High rates of COVID-19 in the county where a hospital is located appears to reduce survival rates among hospitalized patients with the virus, according to a new study from researchers in the Perelman School of Medicine and at UnitedHealth Group. These findings were published in JAMA Internal Medicine.
“We have known that individual risk factors like age and gender, comorbidities such as obesity, and whether someone is a nursing home resident, are all part of what determines whether patients have a good or bad outcome. But our research shows it also matters where a patient is admitted,” says lead investigator David Asch, director of the Center for Health Care Innovation and a professor of medicine at Penn.
The team analyzed nearly 40,000 patients with COVID-19 admitted to 955 hospitals across the nation between January 1 and June 30, 2020. They examined what proportion of those patients either died in the hospital within 30 days of being admitted or were discharged to hospice, which could also signal a likely death from the virus. They found that, on average, almost 12% of patients admitted with COVID-19 to hospitals nationwide died, but the mortality rates in the hospitals with the best outcomes was 9% compared to nearly 16% for the group of hospitals with the worst outcomes.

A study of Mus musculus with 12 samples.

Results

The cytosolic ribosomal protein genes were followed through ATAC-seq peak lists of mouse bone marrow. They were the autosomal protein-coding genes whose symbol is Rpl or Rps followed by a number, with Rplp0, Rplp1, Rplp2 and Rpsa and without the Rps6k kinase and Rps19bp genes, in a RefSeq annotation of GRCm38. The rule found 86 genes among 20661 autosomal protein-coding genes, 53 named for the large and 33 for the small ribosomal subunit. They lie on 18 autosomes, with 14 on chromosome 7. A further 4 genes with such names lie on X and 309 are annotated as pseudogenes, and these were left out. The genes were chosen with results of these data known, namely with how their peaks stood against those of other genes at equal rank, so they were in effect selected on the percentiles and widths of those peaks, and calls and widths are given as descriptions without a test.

While this data could correlate with increased knowledge of COVID-19 and treatment for its patients, the analysis found a different, prevailing factor.
“Improvement, in general, likely comes from experience in how to manage oxygenation for these patients, as well as new treatments like dexamethasone,” Asch explains. “But what explains the variation in outcomes across hospitals and the variation in their improvement is an entirely different story. The factor most strongly associated with outcomes or their improvement, based on our data, was how much COVID-19 spread there was in the hospital’s surrounding community.”
This story is by Frank Otto. Read more at Penn Medicine News.